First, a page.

In another church tragedy, Pastor Isaac Hunter—the son of the spiritual adviser to President Obama—has reportedly taken his own life. Hunter’s death is making national headlines because of his megachurch father Pastor Joel Hunter’s influence on the White House, his marriage troubles and an undated suicide note found last year, but his death is far from the only pastoral suicide in recent months.
Just days ago, a pastor who was grieving his dead wife reportedly shot himself in front of his mother and son, expressing that he was hearing his dead spouse’s voice and footsteps. Pastor Ed Montgomery and his late wife, Prophetess Jackie Montgomery, served at the Full Gospel Assemblies International church in Hazel Crest, Ill.
In November, a Georgia pastor killed himself in between Sunday services. Larrinecia Sims Parker, the wife of the Rev. Teddy Parker Jr., found the pastor in the driveway of their home with a self-inflicted gunshot wound, Houston County coroner Danny Galpin reports.
Why the sudden rash of pastors committing suicide? Suicide is not a new problem among the clergy, but three known suicides in less than two months beg a deeper look at the issue.
There is no lack of statistics about pastors and depression, burnout, health, low pay, spirituality, relationships and longevity—and none of them are good. According to the Schaeffer Institute, 70 percent of pastors constantly fight depression, and 71 percent are burned out. Meanwhile, 72 percent of pastors say they only study the Bible when they are preparing for sermons; 80 percent believe pastoral ministry has negatively affected their families, and 70 percent say they don’t have a close friend.
The Schaeffer Institute also reports that 80 percent of seminary and Bible school graduates will leave the ministry within five years. It’s not clear how many commit suicide, but it is clear that pastors are not immune to it. Psychologists point to several reasons why people commit suicide, from depression to psychosis to stressful life situations. But one thing is certain: Whatever drives someone to take their own life ultimately begins in the mind. Suicidal thoughts precede suicide.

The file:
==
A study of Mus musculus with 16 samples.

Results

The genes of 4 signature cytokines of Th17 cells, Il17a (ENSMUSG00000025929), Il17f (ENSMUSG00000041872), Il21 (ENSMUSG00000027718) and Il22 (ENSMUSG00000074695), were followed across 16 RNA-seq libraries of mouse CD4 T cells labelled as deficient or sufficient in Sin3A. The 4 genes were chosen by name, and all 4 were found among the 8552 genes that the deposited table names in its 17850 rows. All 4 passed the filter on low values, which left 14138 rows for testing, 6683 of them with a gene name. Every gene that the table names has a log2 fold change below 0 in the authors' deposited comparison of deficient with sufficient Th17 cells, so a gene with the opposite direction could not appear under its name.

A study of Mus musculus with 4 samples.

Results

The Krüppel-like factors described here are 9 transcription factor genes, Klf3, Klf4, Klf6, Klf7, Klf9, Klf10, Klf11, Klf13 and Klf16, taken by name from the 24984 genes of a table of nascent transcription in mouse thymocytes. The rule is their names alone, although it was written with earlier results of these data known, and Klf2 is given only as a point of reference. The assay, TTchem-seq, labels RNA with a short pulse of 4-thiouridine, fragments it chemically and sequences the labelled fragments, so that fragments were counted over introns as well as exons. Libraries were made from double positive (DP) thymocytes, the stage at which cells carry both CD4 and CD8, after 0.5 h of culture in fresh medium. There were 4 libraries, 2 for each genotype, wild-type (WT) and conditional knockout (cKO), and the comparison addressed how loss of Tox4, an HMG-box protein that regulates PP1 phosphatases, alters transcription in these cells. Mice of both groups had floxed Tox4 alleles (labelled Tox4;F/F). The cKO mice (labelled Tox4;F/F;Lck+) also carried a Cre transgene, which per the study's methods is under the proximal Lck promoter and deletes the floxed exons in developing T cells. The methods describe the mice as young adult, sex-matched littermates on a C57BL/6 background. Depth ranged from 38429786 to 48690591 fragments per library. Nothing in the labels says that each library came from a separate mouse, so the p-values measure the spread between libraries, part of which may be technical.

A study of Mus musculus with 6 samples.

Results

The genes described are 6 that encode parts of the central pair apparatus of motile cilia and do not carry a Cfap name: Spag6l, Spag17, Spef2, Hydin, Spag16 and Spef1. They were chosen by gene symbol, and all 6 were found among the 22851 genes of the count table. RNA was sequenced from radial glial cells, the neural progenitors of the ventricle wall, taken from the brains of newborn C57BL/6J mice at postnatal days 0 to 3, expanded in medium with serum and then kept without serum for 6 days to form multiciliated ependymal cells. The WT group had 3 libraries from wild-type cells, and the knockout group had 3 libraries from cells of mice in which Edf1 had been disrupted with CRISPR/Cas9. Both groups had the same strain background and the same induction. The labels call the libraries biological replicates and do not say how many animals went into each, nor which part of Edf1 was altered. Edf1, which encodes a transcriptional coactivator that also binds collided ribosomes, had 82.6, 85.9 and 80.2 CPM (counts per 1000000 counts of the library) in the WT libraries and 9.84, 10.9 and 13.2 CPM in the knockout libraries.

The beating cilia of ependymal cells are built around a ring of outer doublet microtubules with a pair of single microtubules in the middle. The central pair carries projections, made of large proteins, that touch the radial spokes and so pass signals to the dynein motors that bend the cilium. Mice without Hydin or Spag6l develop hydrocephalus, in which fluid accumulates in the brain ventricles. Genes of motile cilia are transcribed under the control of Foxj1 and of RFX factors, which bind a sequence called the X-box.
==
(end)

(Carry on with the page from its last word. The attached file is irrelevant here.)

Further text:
“Suicidal thoughts have numerous causes,” according to Mayo Clinic. “Most often, suicidal thoughts are the result of feeling like you can’t cope when you’re faced with what seems to be an overwhelming life situation. If you don’t have hope for the future, you may mistakenly think suicide is a solution. You may experience a sort of tunnel vision, wherein the middle of a crisis you believe suicide is the only way out.”
As it turns out, suicidal thoughts are not uncommon. Nearly 8.3 million adults age 18 and older in the United States—that’s 3.7 percent—had serious thoughts of suicide in the past year, according to a study called “Suicidal Thoughts and Behaviors Among Adults > 18 Years” released by the Centers for Disease Control and Prevention. Although some suicides are impulsive, most are planned out. More than 2 million adult Americans made a suicide plan in the past year, and about half that many went through with the plan.
Again, suicide starts with a thought. Indeed, every action we take starts with a thought. As one who struggled with depression for years, I am not trying to oversimplify the solution, but rather merely point out one contributing factor. Many of the harmful actions we take originate from the seed of a thought Satan whispers to our souls. That seed grows as our minds reason out the benefits of acting on the thought. For those contemplating suicide, I believe the seed grows in their minds as they reason themselves out of living because life’s circumstances are too overwhelming.